The Department of Treasury’s internal watchdog will audit the Internal Revenue Service to ensure that its own agents are paying their taxes.
The audit was initiated at the request of Sen. Joni Ernst (R-IA) following a Democrat plan for 87,000 new employees at the tax enforcement agency. The Treasury Inspector General for Tax Administration has previously found that hundreds of IRS employees may have failed to pay their own taxes, with some offering excuses such as they didn’t know how. Some were even re-hired for a second stint at the agency after being fired for “willful failure to properly file their Federal tax returns.”
“Ironically, hundreds of employees at the IRS itself may have willfully failed to pay their taxes. More than 300 of these were repeat offenders, yet the tax agency did little to discipline the tax offenders on its payroll,” Ernst said Wednesday. “Before Biden’s army of auditors starts harassing innocent taxpayers, let’s first make sure the tax collectors have paid their own taxes.”
Ernst wrote to Inspector General J. Russell George this summer voting that his office found in 2019 that 1,250 IRS employees had not paid their tax bills in full or on time, including hundreds of whom were willfully delinquent or repeat offenders, and that the tax collecting agency had “done little to discipline these tax cheats on its own payroll.”
With Democrats and President Biden ramming through legislation to double the size of the IRS workforce, conservatives and even the nonpartisan Congressional Budget Office expects more aggressive audits of middle class taxpayers.
“Innocent, hardworking Americans should not be subjected to unfair and costly IRS audits when the agency is ignoring tax cheats on its own payroll,” Ernst wrote.
The IG responded that at her request, it would audit the department to find out how many employees are not “fully compliant on their Federal tax obligations” and the number of current workers who were brought back after being fired or retiring following performance issues, including failure to fully pay their taxes.
The plan to dramatically expand the Internal Revenue Service was part of Democrats’ Inflation Reduction Act, whose recent passage Biden celebrated Tuesday. The Biden administration said new auditors would focus on the wealthy and corporations, but Ernst told The Daily Wire she is skeptical.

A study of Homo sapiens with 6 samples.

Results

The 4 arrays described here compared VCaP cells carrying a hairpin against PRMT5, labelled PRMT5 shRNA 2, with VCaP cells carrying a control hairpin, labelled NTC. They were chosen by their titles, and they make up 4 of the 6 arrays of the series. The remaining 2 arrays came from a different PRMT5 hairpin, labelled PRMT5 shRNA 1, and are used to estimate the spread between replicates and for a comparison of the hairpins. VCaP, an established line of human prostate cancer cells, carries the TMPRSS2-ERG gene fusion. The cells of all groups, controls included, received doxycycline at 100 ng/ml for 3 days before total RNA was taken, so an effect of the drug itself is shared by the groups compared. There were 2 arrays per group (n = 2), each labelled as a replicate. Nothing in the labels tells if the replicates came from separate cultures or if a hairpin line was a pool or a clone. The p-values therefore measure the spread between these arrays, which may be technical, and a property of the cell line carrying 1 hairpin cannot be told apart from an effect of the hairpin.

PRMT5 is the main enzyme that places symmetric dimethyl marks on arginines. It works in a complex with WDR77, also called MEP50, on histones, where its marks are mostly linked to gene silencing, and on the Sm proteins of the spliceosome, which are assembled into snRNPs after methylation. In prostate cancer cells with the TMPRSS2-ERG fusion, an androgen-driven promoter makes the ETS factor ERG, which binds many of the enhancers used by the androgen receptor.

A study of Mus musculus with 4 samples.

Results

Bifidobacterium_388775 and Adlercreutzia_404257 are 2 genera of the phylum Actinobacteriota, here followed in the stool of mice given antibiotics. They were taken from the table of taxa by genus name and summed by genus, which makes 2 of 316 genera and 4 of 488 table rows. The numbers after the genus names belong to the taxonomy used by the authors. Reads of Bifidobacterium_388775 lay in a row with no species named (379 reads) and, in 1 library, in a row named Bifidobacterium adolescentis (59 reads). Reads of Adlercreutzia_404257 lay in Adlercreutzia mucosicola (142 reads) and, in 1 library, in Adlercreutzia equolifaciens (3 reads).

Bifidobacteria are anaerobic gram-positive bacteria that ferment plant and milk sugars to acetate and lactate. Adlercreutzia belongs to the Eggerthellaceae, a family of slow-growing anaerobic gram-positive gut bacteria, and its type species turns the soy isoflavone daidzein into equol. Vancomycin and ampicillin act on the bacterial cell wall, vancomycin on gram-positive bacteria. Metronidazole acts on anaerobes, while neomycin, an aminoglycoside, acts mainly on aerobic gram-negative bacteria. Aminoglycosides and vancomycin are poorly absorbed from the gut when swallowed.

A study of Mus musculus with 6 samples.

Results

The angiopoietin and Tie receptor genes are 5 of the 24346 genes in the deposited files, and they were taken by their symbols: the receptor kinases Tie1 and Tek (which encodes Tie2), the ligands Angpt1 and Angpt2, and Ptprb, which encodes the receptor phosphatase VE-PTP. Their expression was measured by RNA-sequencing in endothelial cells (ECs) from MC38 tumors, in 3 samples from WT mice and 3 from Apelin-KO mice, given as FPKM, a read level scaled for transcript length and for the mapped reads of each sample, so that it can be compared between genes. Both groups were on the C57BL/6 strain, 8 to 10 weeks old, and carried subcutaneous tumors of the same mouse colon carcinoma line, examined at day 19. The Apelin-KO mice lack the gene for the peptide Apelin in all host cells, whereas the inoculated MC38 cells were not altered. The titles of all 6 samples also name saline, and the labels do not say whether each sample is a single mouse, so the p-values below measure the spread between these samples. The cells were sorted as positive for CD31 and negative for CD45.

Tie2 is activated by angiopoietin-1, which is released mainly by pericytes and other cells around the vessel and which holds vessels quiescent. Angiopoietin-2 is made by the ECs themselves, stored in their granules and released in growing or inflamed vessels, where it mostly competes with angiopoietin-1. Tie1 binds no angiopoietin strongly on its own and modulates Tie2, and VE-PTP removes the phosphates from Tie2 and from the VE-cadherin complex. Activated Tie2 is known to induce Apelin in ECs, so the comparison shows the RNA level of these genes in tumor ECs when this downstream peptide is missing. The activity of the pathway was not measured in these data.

“The chances [of that] are very slim,” Ernst said. “Eighty-seven thousand agents and Joe Biden said no one making under $400,000 would be audited, but we know that’s not true. They will go after the low-hanging fruit, and that’s hard-working Americans.”
The 2019 IG report said that IRS agents are required to be removed from their jobs for “willfully” failing to file or understating their taxes. But following a bureaucratic process filled with union protections, out of 1,250 cases in 2017, the IRS found that only 90 were “willful,” meaning the IRS agents “should have known” how to file their taxes properly.
For 15 of the offenders in 2017, it was not their first time being caught for tax misconduct, but they were not fired previously because the IRS said it wasn’t “willful.” Some employees said that they “forgot” to claim Form 1099 income, and “four employees cited an inability to properly use e-file software, such as TurboTax,” the report said.
The IRS’ Labor Relations department did not seem to try very hard to get rid of bad employees, the report said. For example, it failed to include evidence of past misconduct in paperwork that would determine whether the employees would be fired or not.
In a 2017 report, the IG found that the IRS–which cross-references databases to catch ordinary Americans underreporting their income–did not bother to integrate a database showing HR issues of past employees. As a result, more than 200 employees who were fired for past misconduct — including failing to pay their taxes or falsification of government records — were hired a second time in 2015 or early 2016. “Some of these employees held positions with access to sensitive taxpayer information,” the report said.
“Some employees repeated past violations upon being rehired,” it said.